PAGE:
Since Facebook announced its plans to take over the web, there has been a lot of talk about privacy concerns, and about deletion of Facebook profiles. There is also concern about the lack of openness in Facebook's Open Graph initiative. Others are just bored with the social network. Whatever the reasons, an increasing number of people seem to be interested in deleting their Facebook profiles.
Have you considered deleting your Facebook profile? Let us know.
Matt Cutts and other Googlers de-activated their accounts soon after the Open Graph initiative was announced. Remember, you don't have to delete the account to de-activate it. Facebook makes it very easy to stay. In fact, if you go to delete your account, they will try to guilt you into staying by telling you which of your friends will miss you.
There are apparently (as Danny Sullivan points out) so many people searching for how to delete their accounts, Google is even offering the suggestion "How do I delete my Facebook account?" as a suggestion for a query begining 'how do I":
It would be interesting to know how many people that are figuring out how to delete their profiles are actually going through with it. Marshall Kirkpatrick at ReadWriteWeb, for example, just stood on the "edge of the cliff" before backtracking (though I don't think he intended to go through with it).
Google Insights for Search data shows a pretty big upswing in Facebook account deletion interest over the last year or two (hat tip: Huffington Post):
Seesmic founder Loic Le Meur posted the following video talking about why it's probalby not the greatest idea to delete your Facebook account:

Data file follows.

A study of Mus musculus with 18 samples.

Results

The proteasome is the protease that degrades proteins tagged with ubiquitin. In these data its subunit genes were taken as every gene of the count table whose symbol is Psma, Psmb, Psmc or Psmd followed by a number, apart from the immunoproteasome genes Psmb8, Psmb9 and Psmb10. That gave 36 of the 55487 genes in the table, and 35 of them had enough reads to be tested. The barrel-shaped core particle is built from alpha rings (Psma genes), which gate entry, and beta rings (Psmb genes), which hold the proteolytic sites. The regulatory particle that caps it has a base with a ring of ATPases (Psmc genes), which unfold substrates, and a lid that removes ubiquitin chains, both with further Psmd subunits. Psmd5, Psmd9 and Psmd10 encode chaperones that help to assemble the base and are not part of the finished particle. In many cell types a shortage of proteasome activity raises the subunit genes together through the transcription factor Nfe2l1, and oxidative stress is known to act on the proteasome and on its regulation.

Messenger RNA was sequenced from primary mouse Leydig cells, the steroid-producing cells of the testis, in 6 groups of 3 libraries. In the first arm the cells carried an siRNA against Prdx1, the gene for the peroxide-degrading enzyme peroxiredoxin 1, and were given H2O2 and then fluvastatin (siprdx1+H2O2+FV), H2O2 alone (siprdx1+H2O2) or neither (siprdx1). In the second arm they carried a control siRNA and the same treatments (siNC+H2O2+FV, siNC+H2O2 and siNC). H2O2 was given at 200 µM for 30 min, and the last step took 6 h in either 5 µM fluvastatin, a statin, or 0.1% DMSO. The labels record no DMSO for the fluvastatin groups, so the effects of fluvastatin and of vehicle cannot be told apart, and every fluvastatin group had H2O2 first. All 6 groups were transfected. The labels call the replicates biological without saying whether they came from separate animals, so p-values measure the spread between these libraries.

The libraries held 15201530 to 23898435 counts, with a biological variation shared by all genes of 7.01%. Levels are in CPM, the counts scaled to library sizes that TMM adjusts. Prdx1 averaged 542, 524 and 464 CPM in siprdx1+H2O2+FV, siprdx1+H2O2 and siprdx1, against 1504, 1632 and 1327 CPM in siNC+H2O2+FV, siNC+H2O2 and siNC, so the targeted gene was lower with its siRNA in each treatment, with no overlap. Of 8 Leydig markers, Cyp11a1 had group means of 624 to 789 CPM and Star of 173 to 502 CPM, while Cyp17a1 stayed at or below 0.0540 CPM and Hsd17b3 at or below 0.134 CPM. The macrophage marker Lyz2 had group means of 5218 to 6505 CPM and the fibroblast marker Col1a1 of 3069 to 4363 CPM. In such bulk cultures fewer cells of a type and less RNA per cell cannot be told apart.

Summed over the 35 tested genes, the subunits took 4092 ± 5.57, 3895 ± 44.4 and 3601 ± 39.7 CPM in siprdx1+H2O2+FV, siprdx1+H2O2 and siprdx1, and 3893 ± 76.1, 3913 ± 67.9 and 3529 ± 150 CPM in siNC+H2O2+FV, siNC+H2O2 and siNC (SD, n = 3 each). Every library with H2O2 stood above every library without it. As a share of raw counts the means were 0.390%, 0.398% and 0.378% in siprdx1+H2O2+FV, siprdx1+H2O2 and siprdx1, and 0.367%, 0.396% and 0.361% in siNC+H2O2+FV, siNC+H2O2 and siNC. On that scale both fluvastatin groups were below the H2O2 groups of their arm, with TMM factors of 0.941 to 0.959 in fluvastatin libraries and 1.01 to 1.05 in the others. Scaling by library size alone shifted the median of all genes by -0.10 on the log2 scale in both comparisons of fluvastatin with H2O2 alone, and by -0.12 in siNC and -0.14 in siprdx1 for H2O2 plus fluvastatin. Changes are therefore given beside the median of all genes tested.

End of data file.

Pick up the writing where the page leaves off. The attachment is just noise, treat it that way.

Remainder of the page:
Loic makes a pretty good point about Facebook's usefulness as a source of public data, and about how you should basically consider everything you do online to be public, if privacy is your concern. As he notes, even emails can be forwarded.
Still if you choose to stick with Facebook, knowing your privacy settings is a good idea. The New York Times has an interesting diagram of what it calls a "bewildering tangle of options" for managing privacy on Facebook. "To manage your privacy on Facebook, you will need to navigate through 50 settings with more than 170 options," the publication says.
It will be very interesting to see if a significant amount of people drop Facebook, but at this point, it doesn't look like it's going to happen. One guy recently started an initiative to get people to join him in leaving Facebook. It's not working out so well so far. Josh Levy pledged, "I will delete my Facebook account but only if 10,000 other Facebook users will do the same." The deadline is May 31st. So far he has 76 people.
This isn't like when people started abandoning their MySpace accounts for Facebook. There's no service here drawing people away. People have a lot invested in their Facebook accounts at this point, and as Facebook becomes integrated more and more into the fabric of the web and popular culture as a whole, many will find it hard to walk away even if they have considered it. Then of course there are the many, many people who simply love Facebook.
Do you think it's a wise decision to abandon Facebook as it becomes a greater part of the web? Share your thoughts.